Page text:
Employees at numerous Starbucks stores launched a walkout during the coffee chain’s Red Cup Day event, advocating for improved staffing and schedules, as reported by Workers United on social media. This protest unfolded on a day when Starbucks traditionally distributes free red-colored, reusable, holiday-themed cups to customers.
Starbucks responded by stating that its U.S. stores remained “open,” with only “a few dozen stores with some partners (on) strike.” However, the majority of these stores were operational, serving customers.
Around a dozen workers picketed outside the Starbucks at Astor Place, located on New York University’s campus, chanting slogans like “no contract, no coffee.” Despite the protest, the store continued to serve NYU staff and students.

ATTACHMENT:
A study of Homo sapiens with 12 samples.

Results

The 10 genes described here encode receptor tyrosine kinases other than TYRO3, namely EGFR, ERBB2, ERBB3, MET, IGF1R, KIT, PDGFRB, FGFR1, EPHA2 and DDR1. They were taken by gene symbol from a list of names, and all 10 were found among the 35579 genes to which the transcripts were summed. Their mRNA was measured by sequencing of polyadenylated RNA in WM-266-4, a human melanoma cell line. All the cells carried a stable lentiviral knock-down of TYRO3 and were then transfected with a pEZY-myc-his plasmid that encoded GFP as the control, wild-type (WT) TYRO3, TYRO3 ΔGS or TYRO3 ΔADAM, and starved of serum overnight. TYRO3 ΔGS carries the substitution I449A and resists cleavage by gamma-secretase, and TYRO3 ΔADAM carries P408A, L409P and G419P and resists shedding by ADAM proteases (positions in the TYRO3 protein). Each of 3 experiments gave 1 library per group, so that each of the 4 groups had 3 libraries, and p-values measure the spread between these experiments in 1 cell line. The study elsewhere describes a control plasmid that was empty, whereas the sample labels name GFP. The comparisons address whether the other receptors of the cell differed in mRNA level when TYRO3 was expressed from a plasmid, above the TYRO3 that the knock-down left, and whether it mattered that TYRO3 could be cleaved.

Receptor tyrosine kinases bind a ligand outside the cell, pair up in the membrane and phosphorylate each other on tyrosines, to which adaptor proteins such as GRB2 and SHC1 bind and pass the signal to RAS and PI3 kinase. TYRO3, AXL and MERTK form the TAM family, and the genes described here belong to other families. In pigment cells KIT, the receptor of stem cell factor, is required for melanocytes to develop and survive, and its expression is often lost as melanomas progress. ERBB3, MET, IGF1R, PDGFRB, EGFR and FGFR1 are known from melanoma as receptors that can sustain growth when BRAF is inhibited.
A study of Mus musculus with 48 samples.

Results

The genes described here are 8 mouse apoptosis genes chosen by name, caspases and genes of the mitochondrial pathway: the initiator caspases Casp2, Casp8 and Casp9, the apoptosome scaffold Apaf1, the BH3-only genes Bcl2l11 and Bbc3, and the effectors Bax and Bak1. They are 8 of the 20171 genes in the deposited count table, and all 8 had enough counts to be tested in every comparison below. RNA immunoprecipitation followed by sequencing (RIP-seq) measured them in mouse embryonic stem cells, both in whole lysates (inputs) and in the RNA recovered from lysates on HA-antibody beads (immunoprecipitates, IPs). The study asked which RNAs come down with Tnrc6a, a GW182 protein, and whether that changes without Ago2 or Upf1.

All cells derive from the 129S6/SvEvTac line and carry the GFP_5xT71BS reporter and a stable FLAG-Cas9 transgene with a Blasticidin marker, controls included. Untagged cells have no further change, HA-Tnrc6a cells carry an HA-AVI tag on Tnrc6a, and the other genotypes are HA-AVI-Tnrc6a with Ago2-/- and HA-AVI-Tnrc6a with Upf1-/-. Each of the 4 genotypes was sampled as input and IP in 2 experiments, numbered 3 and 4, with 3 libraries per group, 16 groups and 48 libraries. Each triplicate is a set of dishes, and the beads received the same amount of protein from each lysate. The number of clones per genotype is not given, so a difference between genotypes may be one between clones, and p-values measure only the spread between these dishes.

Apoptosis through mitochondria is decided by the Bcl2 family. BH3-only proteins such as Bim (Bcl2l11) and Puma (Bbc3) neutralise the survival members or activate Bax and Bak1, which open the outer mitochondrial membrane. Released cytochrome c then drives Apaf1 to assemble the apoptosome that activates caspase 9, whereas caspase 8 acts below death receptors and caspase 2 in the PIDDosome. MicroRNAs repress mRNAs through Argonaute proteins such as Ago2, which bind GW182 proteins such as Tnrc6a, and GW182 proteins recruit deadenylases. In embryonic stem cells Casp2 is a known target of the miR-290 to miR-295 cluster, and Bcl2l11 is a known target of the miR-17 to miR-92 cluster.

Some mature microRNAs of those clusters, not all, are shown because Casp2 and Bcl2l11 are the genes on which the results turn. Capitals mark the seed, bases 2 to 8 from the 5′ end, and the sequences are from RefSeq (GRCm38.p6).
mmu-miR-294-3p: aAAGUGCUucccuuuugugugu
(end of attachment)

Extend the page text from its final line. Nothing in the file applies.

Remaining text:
Red Cup Day historically attracts a significant influx of customers, with data from Placer.ai indicating a 94% surge in visits to U.S. Starbucks stores on the same day last year compared to the daily average.
Workers United, representing over 9,000 Starbucks employees at approximately 360 U.S. stores, described the event as one of the most challenging due to understaffing, leading to long wait times and frustrated customers. Workers demanded higher pay and increased staffing levels.
Starbucks has faced criticism for its policy of not allowing customers to tip at some locations, impacting workers’ income. The company recently announced a minimum 3% hourly pay increase for U.S. retail workers starting in 2024, which was met with discontent from employees, considering Starbucks’ strong financial performance. Less than 3% of the company’s U.S. company-owned stores are currently unionized.